Uber Interesting – Making My Driver’s Story Obsolete
I took an Uber home from the airport recently after attending a meeting. Almost without exception, when I take an Uber, I have the opportunity to hone my elevator speech about the SWIFT mission and core purpose of our efforts. This particular ride and sharing was uber interesting.
My driver, a young man in maybe his early 30s, and I made small talk for awhile about his job, the weather, traffic, and so on. Then he politely inquired about what I do for work. I explained a bit about how we partner with teams of people in states, districts, schools to re-design teaching and learning to give all students—not just some—access to the supports they need to be successful in the school curriculum. Bottom line: instead of making the students fit the way schools are designed, we design schools to be responsive to students’ learning needs.
We chatted a bit more about this and then he went quiet for a few moments. When he spoke again, he said, “You know, I’ve got a learning disability. I have difficulty with auditory processing.” I said I had some familiarity with what he was talking about, and then he shared a story that was both sad and deeply meaningful about the importance of our work.
“I was in elementary school and I remember that each year the special education teacher would come to the door of my classroom, name me and some other kids, and then say we needed to go with her. The other kids didn’t know where we were going. But there was one year, it was in 6th grade, when the special education teacher came to the door, one of the kids whose name she called said, ‘Oh no, special education again!’ I was so embarrassed, I wanted to crawl under a rock. But what was worse than that was that I’d miss so much work in the classroom. I kept getting pulled out and get so far behind that it was impossible to catch up. I just kept getting further and further behind the rest of the kids in my class and the stuff they were learning. It continued like this all the way through high school —and then they handed me a diploma and congratulated me. I said, ‘Yeah, right.’ What were they talking about? I was lacking so much learning that it has affected my whole life. Still does now. I went to (community college) and they told me I wasn’t up to par to take the classes I wanted to enroll in. So I had to take a bunch more remediation classes, and I’m still not done. It’s like I’ll never catch up.”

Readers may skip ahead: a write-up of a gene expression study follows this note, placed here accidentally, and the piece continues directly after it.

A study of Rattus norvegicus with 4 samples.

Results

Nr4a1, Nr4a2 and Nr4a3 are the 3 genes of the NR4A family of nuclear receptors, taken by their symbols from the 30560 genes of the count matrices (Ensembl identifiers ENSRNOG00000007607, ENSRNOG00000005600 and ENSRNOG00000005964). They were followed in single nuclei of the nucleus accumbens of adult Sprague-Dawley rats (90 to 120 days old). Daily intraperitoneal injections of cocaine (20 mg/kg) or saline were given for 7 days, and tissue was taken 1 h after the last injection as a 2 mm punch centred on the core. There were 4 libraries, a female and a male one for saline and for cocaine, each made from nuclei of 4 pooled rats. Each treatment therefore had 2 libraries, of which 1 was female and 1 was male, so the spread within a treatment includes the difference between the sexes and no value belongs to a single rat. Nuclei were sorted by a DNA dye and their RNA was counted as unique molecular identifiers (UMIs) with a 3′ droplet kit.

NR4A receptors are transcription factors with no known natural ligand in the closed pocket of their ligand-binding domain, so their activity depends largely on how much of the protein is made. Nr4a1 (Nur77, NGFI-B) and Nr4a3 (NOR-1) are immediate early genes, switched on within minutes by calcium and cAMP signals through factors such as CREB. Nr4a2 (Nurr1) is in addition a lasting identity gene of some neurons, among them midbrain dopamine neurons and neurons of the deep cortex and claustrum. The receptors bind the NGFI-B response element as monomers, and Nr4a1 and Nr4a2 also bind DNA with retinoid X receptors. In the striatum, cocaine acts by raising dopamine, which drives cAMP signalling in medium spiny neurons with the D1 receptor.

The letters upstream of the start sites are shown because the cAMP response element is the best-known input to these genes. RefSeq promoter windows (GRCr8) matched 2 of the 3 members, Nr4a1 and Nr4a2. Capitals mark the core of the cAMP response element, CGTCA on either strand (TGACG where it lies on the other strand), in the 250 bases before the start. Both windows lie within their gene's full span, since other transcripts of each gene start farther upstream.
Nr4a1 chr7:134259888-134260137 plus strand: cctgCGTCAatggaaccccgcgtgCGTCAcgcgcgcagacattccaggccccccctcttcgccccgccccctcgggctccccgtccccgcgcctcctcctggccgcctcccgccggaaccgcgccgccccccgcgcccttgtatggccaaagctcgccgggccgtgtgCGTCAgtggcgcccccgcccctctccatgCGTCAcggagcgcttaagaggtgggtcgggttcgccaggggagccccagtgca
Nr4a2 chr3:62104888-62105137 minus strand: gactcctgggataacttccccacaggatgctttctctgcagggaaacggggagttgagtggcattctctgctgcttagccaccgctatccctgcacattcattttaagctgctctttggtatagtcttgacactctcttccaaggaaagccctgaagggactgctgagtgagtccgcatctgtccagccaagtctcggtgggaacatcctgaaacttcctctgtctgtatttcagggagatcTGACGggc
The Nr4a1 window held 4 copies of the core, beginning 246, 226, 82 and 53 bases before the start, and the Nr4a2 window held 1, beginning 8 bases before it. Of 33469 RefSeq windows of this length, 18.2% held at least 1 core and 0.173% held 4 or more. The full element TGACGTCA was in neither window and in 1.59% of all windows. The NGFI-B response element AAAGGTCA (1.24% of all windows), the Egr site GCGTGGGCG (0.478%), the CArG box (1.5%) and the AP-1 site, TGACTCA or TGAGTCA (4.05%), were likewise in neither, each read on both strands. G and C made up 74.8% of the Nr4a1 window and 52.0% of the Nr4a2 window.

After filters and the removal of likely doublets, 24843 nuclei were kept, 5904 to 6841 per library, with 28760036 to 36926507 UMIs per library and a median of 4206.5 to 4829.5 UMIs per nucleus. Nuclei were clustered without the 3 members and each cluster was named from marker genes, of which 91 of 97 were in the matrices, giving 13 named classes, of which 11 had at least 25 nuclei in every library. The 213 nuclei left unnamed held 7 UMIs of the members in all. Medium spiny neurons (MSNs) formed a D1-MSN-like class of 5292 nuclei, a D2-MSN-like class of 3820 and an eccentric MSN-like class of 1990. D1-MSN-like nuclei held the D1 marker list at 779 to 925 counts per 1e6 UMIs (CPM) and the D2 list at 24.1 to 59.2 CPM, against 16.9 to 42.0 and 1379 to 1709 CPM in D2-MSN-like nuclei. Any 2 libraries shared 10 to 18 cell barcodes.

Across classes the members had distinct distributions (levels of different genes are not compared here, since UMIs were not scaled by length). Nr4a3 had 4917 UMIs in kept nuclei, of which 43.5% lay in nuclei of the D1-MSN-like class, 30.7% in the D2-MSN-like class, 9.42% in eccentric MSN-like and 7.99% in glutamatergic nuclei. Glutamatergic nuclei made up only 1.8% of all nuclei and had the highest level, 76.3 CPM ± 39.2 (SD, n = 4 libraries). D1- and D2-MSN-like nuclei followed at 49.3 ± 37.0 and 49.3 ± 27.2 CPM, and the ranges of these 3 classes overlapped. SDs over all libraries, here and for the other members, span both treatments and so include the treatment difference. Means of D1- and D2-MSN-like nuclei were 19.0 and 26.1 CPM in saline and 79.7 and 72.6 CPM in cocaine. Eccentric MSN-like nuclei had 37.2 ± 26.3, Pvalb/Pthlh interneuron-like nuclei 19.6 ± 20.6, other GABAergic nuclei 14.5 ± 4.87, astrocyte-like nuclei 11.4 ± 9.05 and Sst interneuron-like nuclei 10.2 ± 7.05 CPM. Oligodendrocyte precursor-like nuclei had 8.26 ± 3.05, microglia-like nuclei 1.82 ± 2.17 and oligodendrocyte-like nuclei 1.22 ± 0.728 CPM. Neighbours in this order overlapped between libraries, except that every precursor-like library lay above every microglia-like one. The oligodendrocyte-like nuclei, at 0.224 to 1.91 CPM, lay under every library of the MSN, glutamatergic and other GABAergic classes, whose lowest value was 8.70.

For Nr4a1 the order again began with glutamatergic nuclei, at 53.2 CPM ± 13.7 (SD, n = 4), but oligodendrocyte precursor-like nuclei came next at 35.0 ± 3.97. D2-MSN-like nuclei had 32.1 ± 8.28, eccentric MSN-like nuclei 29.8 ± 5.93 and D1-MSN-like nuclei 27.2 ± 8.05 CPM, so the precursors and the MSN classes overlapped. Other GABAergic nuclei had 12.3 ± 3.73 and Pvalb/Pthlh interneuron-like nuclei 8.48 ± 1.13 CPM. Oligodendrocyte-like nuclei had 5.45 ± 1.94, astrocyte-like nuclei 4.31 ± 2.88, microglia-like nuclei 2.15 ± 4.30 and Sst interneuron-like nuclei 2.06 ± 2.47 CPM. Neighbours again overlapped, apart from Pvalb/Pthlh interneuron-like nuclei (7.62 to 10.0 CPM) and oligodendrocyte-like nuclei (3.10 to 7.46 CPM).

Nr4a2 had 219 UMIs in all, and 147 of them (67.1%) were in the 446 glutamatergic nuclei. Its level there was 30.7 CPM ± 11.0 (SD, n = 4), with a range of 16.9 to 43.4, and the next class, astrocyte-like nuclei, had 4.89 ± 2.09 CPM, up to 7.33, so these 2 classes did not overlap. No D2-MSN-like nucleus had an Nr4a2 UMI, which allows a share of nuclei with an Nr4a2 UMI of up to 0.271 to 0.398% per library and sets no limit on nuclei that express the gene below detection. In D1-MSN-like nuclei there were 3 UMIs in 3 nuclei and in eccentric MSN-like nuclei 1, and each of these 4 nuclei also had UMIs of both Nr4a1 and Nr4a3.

I told my driver that I would share his story and use it to further fuel our work to help schools become places where the variability in the way students learn is not considered cause for limiting their access to the curriculum. Instead, schools will be places where we use our collective intelligence to ensure all students are insiders, and none are outsiders, making this man’s story obsolete.